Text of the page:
I have always been fascinated by Chinese brush calligraphy. I don’t understand anything of what the characters mean, but I find the brush strokes in ink on paper profoundly beautiful in their starkness and simplicity. And my appreciation grew when I learned how passionate and disciplined calligraphers are about their craft, practicing it incessantly so that it permeates all aspects of their life.
The clip above from the movie “Hero” — one of my favorite films ever –starring Jet Li, Tony Leung, Maggie Cheung, and Zang Ziyi. While it employs a whole lot of creative license, it reflects the dedication and intensity that these word artists have towards their work.
I decided to dip my toes into this gorgeous world and try my hand at Chinese brush calligraphy. Since I don’t know anybody who’s into this, I looked around YouTube for some virtual teachers who can help me out with some demos. And I found this one by a young woman which taught me the very basics.
I used to have the impression that making those marks would be amazingly quick, like Bruce Lee’s moves. I have some friends who know Chinese, and they write pretty quickly — with their ball-point pens. I realize that it’s different with a brush. The girl in the video is so serene and so graceful when she does her thing — it’s so beautiful to watch! Every stroke is slow and deliberate; it’s almost like she’s meditating. She takes her time, caressing the paper with her brush as she marks it with her meaningful strokes, all the while maintaining great posture. I got so inspired!
I took out some brushes, and the traditional ink block and ink stone that I received as a gift some 10 or so years ago, which I ironically have used for myriad purposes except Chinese brush calligraphy. But before I could begin, I had to find a character to write, one that would be meaningful to me.
When I was learning my ABC’s the first word I learned to spell and write was my name. Why not find a Chinese name for myself? I found this awesome feature in www.mandarintools.com that helped me with this. And it gave me a Chinese name that had sounds similar to those in my own name — Mai Ning Tian.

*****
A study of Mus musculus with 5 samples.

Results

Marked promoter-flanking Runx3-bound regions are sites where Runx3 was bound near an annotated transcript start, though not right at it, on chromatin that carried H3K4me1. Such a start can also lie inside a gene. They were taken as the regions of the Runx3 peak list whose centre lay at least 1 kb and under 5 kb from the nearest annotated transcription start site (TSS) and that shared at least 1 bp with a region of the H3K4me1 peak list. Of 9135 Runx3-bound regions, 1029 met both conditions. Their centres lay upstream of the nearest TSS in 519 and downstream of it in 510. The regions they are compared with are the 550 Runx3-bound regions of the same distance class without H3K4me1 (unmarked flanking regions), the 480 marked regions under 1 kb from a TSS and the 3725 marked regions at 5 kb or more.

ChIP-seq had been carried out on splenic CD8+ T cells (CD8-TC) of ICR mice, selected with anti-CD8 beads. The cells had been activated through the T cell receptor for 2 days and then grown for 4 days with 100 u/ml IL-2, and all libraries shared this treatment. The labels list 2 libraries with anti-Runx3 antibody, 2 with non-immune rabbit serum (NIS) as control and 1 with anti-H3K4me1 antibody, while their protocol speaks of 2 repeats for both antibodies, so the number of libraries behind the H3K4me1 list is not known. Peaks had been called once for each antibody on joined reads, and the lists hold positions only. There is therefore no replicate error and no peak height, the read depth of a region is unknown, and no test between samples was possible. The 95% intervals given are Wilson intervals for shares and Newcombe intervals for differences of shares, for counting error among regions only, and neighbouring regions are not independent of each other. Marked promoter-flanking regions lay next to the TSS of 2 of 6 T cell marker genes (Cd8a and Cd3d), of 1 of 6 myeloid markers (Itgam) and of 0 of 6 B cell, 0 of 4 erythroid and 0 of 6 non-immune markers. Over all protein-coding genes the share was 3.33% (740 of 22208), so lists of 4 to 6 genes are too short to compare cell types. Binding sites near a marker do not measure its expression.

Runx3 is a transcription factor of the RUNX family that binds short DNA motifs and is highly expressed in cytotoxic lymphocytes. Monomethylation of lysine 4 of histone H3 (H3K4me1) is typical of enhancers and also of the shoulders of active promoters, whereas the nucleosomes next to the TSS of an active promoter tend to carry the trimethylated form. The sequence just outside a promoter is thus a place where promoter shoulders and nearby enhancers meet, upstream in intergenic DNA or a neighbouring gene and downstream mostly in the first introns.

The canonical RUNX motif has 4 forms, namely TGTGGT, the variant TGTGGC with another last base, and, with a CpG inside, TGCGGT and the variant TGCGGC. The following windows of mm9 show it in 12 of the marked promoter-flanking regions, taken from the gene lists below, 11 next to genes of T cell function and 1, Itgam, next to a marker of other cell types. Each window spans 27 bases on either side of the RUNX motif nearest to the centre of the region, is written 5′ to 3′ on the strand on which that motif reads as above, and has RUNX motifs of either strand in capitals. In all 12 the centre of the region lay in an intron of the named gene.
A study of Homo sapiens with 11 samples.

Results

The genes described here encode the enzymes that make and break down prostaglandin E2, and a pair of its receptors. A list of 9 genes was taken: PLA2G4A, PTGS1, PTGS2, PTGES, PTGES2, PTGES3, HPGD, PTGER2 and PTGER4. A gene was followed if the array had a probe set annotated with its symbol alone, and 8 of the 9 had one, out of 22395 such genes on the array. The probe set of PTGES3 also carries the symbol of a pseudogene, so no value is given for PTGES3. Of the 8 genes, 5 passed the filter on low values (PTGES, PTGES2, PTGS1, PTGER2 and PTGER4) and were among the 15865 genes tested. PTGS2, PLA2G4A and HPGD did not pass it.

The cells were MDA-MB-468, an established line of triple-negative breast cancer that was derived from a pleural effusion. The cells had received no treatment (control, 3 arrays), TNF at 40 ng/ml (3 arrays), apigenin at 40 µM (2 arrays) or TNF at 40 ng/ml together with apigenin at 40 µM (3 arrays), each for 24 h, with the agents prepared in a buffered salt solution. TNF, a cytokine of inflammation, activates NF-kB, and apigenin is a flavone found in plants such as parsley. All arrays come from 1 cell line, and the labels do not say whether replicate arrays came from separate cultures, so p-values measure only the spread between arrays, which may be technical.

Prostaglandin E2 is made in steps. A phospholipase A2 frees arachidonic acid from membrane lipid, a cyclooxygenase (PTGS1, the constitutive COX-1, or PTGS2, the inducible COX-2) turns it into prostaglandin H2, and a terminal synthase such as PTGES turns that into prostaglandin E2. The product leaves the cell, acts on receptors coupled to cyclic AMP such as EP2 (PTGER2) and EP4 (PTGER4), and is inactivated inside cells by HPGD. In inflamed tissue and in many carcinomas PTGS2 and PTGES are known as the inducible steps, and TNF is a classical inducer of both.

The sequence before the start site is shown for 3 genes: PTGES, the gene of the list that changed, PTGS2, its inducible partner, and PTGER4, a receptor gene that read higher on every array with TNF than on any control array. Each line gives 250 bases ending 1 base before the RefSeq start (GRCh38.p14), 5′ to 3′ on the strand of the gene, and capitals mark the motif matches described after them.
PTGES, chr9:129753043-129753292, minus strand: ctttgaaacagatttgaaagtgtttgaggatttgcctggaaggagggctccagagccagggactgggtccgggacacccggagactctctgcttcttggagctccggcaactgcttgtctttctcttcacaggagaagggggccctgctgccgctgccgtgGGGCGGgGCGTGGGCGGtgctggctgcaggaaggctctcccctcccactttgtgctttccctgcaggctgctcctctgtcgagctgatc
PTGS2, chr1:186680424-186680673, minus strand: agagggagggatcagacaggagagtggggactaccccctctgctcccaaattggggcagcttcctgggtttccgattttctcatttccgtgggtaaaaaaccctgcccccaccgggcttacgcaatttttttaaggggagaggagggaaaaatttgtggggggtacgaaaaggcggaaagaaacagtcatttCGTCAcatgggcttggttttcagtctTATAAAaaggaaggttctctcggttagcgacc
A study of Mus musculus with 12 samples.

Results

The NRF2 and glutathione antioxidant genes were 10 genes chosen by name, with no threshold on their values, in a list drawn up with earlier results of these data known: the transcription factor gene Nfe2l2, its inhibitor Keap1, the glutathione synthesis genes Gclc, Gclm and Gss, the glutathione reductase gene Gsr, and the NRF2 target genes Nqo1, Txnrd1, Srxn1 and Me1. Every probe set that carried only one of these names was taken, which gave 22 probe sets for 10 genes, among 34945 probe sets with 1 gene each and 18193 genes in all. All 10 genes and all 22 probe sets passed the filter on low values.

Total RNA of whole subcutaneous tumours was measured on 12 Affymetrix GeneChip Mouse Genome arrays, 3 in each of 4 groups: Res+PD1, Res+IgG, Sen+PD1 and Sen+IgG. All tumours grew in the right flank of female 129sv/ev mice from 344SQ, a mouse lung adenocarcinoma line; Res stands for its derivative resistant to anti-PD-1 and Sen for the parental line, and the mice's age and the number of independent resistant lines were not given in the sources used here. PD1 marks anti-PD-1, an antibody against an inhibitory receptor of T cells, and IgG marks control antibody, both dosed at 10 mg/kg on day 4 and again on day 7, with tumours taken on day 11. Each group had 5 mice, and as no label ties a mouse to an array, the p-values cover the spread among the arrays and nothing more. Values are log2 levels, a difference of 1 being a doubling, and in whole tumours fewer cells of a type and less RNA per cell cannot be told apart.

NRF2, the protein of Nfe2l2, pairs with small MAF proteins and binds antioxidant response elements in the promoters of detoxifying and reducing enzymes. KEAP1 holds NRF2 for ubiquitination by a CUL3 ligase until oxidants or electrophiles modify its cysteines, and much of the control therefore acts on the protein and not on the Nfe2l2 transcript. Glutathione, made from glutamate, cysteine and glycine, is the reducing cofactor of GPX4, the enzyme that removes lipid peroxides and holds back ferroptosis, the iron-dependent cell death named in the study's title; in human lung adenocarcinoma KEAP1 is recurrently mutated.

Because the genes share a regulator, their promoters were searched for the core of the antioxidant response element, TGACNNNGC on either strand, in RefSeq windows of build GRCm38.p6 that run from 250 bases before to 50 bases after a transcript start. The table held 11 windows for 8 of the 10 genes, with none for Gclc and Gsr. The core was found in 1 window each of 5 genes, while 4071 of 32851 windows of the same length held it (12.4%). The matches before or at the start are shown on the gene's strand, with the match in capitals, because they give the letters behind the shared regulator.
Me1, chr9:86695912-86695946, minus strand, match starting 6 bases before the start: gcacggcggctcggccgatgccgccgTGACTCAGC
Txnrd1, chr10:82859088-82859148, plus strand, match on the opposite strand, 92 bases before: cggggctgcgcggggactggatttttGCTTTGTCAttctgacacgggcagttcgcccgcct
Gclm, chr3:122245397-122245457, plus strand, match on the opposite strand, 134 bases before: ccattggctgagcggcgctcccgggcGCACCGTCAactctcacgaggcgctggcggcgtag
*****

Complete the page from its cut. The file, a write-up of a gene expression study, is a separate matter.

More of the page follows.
Chinese names usually have three words: the family name comes first, and is followed by the two words that make up the given name. In my name, Mai means force, strength, and capability; Ning stands for calm, peaceful, and serene; and Tian is for day, sky, or heaven. I love it!
There are also disciplines to be followed when writing the different strokes that make up a Chinese character. Generally it goes from top before bottom, left before right, for everything in between, there’s a certain order. It all seemed rather complicated, but I really wanted to do it right, I found a site that I could refer to that has animations that show how strokes in my name go. Here’s how to write Ning.
So off I went with my ink and brush. I put a little water in the ink stone and rubbed with the ink block until the charcoal black pigments infused the water. Then I carefully loaded my brush and slid its bristles onto paper. It was indeed as relaxing as I thought it would be! It was all about being in the moment, and not sweating the flubs. How apt that I was learning to write a word that meant peace! Want to see my attempts?
I practiced on scrap paper for some time, and after a while I decided to write on nice paper. I got one of the small sheets that resulted from my foray into papermaking, and put my brush to it. The ink bled and feathered into the fibers in my paper (a learning experience about paper types). The overall effect is light-years away from perfect, but it’s my name, and I made it, so I’m blue tacking it on my wall. Haha!
All images in this post by Nathalie Mariano, unless otherwise indicated.